One of the world’s best-known brands has teamed up with Denver-based startup Boom Supersonic. Amex Ventures, a venture capital arm of American Express, is investing in Boom Supersonic. Boom is busy developing a supersonic plane called the Overture. Earning Amex miles on Overture’s first flights? It’s a whole new way to look at the American dream.
Serious money and expertise behind Boom Supersonic
As previously reported in Simple Flying, Boom Supersonic is working on a commercially viable 65- to 88-seat supersonic airliner, capable of running on 100% sustainable aviation fuel. Boom is eyeing commercial flights from 2029 and say their plane will fly twice as fast as regular jets when crossing oceans. They say they’ve taken US$6 billion in pre-orders for the Overture.
Commercially viable supersonic passenger flights may sound a bit pie in the sky, especially after the failure of the Concorde. But there’s more than one start-up working on the idea. Dive into Boom Supersonic and you’ll see there some serious expertise and money behind the business.
For instance, Japan Airlines has invested US$10 million into research and development at Boom while also taking the option to purchase up to 20 Boom aircraft through a pre-order arrangement. The US Air Force has also awarded Boom a contract to explore the possibility of using supersonic aircraft in the USAF’s executive fleet.
“Boom is an example of the American ingenuity that drives the economy forward through technological advances,” said USAF Brigadier General Ryan Britton last year.
Now American Express is climbing onboard. You might think this isn’t the traditional turf of a charge card company, but Amex Ventures argues otherwise.
“Travel has been a key part of American Express’ heritage and it remains an integral part of our card members’ lifestyles,” says Harshul Sanghi, Global Head of Amex Ventures.
“Boom is building a supersonic passenger aircraft that will make travel faster and more sustainable.”
What’s American Express’ interest in supersonic travel?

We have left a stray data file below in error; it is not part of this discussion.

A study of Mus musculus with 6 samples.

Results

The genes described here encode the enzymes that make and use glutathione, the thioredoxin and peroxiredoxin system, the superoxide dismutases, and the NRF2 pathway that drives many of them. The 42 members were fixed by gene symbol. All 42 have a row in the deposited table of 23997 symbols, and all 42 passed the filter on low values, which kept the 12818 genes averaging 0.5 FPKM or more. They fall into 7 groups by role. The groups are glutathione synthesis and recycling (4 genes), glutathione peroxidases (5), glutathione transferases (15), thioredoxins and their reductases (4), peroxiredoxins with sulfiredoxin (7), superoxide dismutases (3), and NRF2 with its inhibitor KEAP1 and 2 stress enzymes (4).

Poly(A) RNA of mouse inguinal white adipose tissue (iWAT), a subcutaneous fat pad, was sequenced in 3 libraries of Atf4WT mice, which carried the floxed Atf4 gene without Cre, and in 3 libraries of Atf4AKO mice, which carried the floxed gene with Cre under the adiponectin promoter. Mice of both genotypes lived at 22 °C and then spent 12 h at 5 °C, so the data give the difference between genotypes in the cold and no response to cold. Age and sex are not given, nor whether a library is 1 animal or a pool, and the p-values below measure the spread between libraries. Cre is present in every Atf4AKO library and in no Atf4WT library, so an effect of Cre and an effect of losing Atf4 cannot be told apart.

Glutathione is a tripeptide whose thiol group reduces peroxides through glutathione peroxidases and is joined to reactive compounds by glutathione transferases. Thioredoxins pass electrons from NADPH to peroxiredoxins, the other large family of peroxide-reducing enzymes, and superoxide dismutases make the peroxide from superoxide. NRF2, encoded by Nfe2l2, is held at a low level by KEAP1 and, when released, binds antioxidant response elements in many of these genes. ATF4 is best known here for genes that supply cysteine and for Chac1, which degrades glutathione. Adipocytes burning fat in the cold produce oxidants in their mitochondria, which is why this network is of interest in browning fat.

Amex Ventures is a subsidiary of American Express that invests in innovation and start-ups. To date, they’ve invested in more than 70 businesses. Mostly they are tech and payment-type companies with some loose crossover into American Express’s space and interests. Simple Flying asked Amex Ventures about the scope and nature of their investment in Boom Supersonic. Their spokesperson wouldn’t disclose the amount of the investment. But the spokesperson said they were excited to support Boom’s development and invest in the future of travel.
“Amex Ventures backs start-ups across the fintech, payments, B2B, and consumer ecosystems that are delivering innovative technology, products, and experiences. Boom is a prime example of that.”
Supersonic aircraft have the potential to change the way we travel
Boom Supersonic says if its gets Overture up and flying – and they think they will, the plane has the potential to slash travel times on roughly 500 transoceanic routes. In a perfect American Express world, a future passenger would pay for a flight using one of their cards.
Boom’s website says the Overture could fly Paris to Montreal in three hours and 45 minutes, San Francisco to Tokyo in six hours, and Singapore to Dubai in four hours. It’s got the potential to revolutionize air travel. But only if the price is right. If costs are so high that fares become a rich man’s game only, Boom will only ever be a niche player and probably an unprofitable one at that.
But that’s not the route Boom hopes to take. They’ve advocated for a pretty democratic, mass-market approach to supersonic travel. Given the caliber of investors, they may be moving towards achieving that goal.
What do you think? Will supersonic travel ever be affordable? Is American Express onto something investing in Boom Supersonic? Post a comment and let us know.